We’ll Dance at Our Daughter’s Wedding

Karen Kristjanson explains why she wrote a song about co-parenting.

We’re never entirely finished with our central relationships. At least, that’s been my experience. The bigger, the longer, the deeper – the more tendrils of feeling linger.

My first marriage ended more than twenty years ago. The sons that their father and I raised, first in one home and then from two homes, are grown. My former husband and I live in different cities and see each other only once or twice a year. We interact with civility accompanied by occasional flashes of affection or annoyance.

So what’s left? When our older son announced his marriage plans, I was excited. I wondered what to give him and his soon-to-be-wife for their wedding. As the day grew nearer, and I visualized the ceremony and celebrations, a conviction grew: the best gift I could give would be a joyful event free of any undercurrents of tension or awkwardness from the past.

To my dismay and embarrassment, I discovered that this would take a bit of effort from me. After all this time? Yep. As I pondered this, the image of the “wedding dance” emerged as a symbol of what my ex and I had been approaching, all these years. We didn’t do it perfectly, but we did create a new relationship that allowed us all to be part of a larger “family”.

The poignant feelings which arose led me to write and record a song – the only one I have ever heard – about co-parenting after divorce.

Here it is:

I would love to hear your reactions to it  – Karen

About Karen Kristjanson

Karen Kristjanson, author of Co-Parenting from the Inside Out: Voices of Moms and Dads, is a life coach and musician living in Surrey, British Columbia, Canada. Follow her at https://www.facebook.com/SharedParentingAfterDivorce.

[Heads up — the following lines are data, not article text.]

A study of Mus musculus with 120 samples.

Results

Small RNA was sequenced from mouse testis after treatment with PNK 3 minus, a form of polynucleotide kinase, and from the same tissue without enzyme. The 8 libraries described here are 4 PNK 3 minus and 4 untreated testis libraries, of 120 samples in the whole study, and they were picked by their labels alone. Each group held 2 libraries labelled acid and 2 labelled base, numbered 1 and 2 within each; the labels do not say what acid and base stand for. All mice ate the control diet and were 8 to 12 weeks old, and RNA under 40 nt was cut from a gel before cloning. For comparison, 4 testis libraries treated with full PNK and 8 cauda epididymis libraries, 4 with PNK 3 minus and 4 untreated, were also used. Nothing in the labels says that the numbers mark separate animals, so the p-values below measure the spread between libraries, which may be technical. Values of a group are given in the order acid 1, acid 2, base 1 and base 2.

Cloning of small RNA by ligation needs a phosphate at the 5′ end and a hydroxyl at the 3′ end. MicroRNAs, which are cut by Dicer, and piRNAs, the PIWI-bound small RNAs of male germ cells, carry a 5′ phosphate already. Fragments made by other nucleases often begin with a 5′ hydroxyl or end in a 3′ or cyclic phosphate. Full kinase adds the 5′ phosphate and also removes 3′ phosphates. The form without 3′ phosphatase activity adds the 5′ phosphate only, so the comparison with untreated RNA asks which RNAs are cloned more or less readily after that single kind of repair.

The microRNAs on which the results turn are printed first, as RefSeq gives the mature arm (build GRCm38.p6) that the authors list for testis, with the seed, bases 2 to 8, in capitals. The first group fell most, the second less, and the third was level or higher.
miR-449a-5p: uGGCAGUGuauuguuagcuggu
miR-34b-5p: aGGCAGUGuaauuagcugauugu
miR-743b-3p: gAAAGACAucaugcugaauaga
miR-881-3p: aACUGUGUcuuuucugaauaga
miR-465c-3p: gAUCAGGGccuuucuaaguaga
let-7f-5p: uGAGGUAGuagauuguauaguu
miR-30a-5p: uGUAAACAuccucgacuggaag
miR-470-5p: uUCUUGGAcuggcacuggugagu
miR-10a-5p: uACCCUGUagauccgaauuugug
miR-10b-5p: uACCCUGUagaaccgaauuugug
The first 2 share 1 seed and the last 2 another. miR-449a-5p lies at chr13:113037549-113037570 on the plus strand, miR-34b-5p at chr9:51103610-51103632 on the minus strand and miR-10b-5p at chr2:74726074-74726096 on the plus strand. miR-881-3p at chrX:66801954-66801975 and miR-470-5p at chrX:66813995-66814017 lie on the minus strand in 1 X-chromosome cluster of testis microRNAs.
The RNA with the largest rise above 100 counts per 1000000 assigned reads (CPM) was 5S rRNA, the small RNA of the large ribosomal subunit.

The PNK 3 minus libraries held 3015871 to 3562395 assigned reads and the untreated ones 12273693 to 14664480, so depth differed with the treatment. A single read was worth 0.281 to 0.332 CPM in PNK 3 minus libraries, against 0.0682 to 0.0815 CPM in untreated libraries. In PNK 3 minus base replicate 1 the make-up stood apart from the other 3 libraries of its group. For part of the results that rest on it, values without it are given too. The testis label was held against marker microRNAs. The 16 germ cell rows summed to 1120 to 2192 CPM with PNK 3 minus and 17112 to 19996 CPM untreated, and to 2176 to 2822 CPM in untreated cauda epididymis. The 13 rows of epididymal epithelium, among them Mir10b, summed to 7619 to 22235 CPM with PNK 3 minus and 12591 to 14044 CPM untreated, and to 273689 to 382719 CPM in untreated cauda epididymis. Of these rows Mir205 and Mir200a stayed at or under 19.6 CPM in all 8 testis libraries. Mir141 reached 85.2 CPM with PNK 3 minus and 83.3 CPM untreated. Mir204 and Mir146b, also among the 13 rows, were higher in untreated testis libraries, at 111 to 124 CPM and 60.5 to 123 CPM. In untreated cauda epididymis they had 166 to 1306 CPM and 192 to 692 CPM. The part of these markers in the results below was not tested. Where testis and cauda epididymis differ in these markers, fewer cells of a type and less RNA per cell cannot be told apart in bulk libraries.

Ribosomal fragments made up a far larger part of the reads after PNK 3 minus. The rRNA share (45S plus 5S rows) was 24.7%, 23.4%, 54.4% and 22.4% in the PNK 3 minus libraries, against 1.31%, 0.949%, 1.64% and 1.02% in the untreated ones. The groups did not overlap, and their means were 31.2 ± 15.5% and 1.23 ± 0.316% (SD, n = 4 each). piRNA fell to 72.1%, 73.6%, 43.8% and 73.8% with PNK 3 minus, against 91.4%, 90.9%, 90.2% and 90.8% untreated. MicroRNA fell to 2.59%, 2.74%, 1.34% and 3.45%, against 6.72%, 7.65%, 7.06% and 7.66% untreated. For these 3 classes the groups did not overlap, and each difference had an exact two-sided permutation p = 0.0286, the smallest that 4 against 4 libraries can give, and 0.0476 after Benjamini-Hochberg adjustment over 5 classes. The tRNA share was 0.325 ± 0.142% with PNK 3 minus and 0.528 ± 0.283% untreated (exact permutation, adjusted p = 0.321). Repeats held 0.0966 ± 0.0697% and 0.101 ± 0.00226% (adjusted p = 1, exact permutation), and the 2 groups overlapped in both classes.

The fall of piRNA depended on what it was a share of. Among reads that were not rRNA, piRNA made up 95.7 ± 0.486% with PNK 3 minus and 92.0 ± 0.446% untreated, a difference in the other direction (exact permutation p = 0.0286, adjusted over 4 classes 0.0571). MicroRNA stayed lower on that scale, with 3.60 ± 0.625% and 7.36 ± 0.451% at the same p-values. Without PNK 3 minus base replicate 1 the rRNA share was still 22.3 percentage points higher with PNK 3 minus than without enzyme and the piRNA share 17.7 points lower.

Thanks to the Good Men project – the only international conversation about the changing roles of men in the 21st century.

You breathed with me as our babes were born
Watched their first steps together
Held each other through joy and loss
Knew that our bond was forever.
But distance was growing, in silences crept
Till there wasn’t an “us” any more
No magic elixir, no talented fixer
Could heal what was dead at the core
Our marriage has ended
Some rifts can’t be mended
But we’ll dance at our daughter’s wedding.
Living in two homes was hard on the kids
They had to keep track of so much
They managed to do it, and sharing our lives
Allowed us to keep love and trust.
When our son stomped off to your house one day
Not liking a rule I had made
You sent him right back, helping him understand
We’re separate, but on the same page.
Our marriage has ended
Some rifts can’t be mended
But we’ll dance at our daughter’s wedding.
There will be grandkids someday
I want to look at you and say
We kept our grown-up pain
Aside so they could claim
The best of what we had to give
We’re such different people, our gifts aren’t the same
Your adventurous spirit, my songs,
The kids learned in both homes to try and decide
What’s important, what’s right and what’s wrong.
Our marriage has ended
Some rifts can’t be mended
But we’ll dance at our daughter’s wedding.
Our marriage has ended Some rifts can’t be mended
And we’ll dance at our daughter’s wedding.